India’s financial capital, Mumbai (formerly Bombay), received a record-breaking 942 millimeters (37.1 inches) of rain in a twenty-four hour period on Tuesday, July 26, 2005. India’s previous all-time single-day record of 838 mm (33 inches) was set in 1912. The heavy monsoon rain triggered deadly floods, which have claimed more than 500 lives in the country’s western Maharashtra state, with 273 fatalities in Mumbai alone, as of July 28. Monsoon-related flooding is not unusual in the summer when the heating landmass generates winds that pull warm, moisture-laden air over the Indian subcontinent, but Tuesday’s rains were unusual even for the summer monsoon.
The Tropical Rainfall Measuring Mission (TRMM) satellite captured the top image of the rain over Mumbai at 3:39 p.m., local time, (10:09 UTC) on July 26, 2005. The image shows rain intensity as measured by TRMM’s sensors, with the heaviest rainfall in dark red and lighter rainfall in blue. A dark red area of heavy precipitation sits directly over Mumbai, revealing rain rates as high as 50 millimeters per hour immediately around the city.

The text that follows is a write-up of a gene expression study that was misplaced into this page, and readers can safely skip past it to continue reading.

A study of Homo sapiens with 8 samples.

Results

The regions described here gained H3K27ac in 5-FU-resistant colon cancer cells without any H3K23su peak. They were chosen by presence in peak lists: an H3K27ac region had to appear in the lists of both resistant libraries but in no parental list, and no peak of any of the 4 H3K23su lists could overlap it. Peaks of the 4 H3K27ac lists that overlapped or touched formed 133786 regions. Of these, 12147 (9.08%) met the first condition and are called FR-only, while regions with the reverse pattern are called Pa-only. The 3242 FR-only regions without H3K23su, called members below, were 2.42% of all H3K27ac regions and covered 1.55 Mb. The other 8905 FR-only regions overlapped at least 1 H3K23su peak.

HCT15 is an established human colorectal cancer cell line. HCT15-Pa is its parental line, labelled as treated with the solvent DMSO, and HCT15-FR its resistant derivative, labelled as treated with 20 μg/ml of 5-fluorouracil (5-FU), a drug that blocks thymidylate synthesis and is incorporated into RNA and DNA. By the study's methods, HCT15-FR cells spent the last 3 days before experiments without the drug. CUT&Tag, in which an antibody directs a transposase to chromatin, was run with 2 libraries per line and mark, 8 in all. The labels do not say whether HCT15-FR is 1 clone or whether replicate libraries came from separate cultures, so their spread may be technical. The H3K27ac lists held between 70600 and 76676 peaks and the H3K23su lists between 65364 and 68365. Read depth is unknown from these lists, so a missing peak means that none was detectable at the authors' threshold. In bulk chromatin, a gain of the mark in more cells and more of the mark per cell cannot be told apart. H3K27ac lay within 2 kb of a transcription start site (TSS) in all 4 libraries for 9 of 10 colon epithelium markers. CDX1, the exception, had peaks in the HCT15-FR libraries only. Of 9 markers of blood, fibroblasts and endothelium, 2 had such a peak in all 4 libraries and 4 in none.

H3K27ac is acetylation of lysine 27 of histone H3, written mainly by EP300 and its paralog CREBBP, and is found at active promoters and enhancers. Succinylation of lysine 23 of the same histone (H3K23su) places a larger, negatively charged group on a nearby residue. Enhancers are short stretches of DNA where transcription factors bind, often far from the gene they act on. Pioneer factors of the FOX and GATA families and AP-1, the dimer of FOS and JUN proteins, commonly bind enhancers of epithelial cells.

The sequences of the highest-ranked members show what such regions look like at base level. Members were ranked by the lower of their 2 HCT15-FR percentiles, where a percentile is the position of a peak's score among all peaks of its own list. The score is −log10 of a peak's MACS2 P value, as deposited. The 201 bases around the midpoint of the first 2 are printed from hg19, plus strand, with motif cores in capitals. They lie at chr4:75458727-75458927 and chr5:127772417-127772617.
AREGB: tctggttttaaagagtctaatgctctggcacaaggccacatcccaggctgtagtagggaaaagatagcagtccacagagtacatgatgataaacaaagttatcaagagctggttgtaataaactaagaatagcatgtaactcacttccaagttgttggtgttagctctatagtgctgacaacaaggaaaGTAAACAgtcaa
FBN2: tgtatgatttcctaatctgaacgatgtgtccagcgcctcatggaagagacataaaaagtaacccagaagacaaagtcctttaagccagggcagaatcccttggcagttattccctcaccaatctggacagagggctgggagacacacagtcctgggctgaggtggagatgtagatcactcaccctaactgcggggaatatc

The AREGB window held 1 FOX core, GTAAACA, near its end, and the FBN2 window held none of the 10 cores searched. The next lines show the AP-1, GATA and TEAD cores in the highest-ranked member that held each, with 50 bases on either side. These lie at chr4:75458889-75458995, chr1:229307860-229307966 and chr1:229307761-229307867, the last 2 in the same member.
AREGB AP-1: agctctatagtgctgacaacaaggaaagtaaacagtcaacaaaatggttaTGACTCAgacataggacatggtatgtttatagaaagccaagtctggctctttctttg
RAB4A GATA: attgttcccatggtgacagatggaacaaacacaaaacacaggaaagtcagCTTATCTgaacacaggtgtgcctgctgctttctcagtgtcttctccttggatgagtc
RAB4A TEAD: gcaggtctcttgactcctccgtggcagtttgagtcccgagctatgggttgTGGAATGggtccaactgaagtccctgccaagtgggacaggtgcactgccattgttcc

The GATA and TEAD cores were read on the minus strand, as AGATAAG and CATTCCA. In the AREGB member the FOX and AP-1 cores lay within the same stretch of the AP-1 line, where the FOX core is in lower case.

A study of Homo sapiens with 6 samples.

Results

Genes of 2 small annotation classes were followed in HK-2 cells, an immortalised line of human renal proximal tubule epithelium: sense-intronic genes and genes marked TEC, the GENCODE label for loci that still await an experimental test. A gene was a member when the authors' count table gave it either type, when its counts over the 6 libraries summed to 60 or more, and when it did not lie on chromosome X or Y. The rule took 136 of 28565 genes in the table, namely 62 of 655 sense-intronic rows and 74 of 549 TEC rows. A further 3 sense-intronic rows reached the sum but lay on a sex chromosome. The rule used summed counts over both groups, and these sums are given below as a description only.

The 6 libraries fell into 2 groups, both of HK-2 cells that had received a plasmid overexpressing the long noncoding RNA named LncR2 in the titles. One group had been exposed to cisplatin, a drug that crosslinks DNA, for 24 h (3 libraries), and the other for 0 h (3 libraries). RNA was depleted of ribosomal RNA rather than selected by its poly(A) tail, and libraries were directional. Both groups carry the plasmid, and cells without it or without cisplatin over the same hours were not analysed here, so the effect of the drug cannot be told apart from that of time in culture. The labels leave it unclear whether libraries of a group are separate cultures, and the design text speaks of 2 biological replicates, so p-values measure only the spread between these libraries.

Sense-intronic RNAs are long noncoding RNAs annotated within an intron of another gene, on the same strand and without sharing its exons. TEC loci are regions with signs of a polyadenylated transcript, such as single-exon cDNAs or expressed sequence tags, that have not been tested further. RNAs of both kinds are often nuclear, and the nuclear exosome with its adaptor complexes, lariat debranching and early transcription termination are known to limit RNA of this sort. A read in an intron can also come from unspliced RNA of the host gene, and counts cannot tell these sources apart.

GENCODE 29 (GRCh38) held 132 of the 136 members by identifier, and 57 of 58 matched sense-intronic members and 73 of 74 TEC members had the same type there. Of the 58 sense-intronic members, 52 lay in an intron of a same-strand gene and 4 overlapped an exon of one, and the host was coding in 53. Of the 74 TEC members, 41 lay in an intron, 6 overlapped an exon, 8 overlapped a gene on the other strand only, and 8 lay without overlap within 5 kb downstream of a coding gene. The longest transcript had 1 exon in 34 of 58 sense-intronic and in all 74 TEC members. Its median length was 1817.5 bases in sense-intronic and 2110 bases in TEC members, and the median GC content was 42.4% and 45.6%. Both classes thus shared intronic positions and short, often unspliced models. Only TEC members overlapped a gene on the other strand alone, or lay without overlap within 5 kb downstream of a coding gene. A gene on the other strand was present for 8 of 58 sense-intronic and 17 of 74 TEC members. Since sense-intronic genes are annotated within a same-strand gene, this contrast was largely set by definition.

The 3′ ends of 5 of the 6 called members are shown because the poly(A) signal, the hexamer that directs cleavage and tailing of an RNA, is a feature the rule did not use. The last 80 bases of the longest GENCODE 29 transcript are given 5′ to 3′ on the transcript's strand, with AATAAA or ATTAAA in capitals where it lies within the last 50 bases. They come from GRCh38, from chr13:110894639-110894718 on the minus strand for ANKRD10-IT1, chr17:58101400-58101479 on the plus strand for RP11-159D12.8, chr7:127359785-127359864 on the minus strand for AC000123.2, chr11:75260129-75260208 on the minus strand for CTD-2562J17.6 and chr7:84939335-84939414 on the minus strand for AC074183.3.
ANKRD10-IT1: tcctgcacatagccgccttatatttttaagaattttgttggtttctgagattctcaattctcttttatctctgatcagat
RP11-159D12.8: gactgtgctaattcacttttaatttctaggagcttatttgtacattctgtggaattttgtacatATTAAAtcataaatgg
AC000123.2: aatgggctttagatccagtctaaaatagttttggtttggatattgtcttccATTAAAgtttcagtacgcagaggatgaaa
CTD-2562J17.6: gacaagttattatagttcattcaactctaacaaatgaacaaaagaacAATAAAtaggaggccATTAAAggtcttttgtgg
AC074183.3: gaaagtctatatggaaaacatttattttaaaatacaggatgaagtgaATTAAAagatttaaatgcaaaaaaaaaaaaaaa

The lower image records rainfall accumulations between July 25 and July 27. As in the top image, the dark red area of heavy rainfall (indicating a foot of rain) is concentrated right over Mumbai. Both images show just how localized extreme rainfall can be.
The TRMM satellite has been collecting rainfall data since its launch in 1997. In the top image, rain rates in the center part of the swath are from the TRMM Precipitation Radar (PR), the only radar capable of measuring precipitation from space. Rain rates in the outer swath are from the TRMM Microwave Imager (TMI). The rain rates are overlaid on infrared (IR) data from the TRMM Visible Infrared Scanner (VIRS). Rainfall accumulation values in the lower images were generated from the TRMM-based, near-real time Multi-satellite Precipitation Analysis (MPA) at NASA Goddard Space Flight Center.
TRMM is a joint mission between NASA and the Japanese space agency JAXA.
Images courtesy Hal Pierce. Text by Steve Lang and Holli Riebeek (SSAI/NASA GSFC).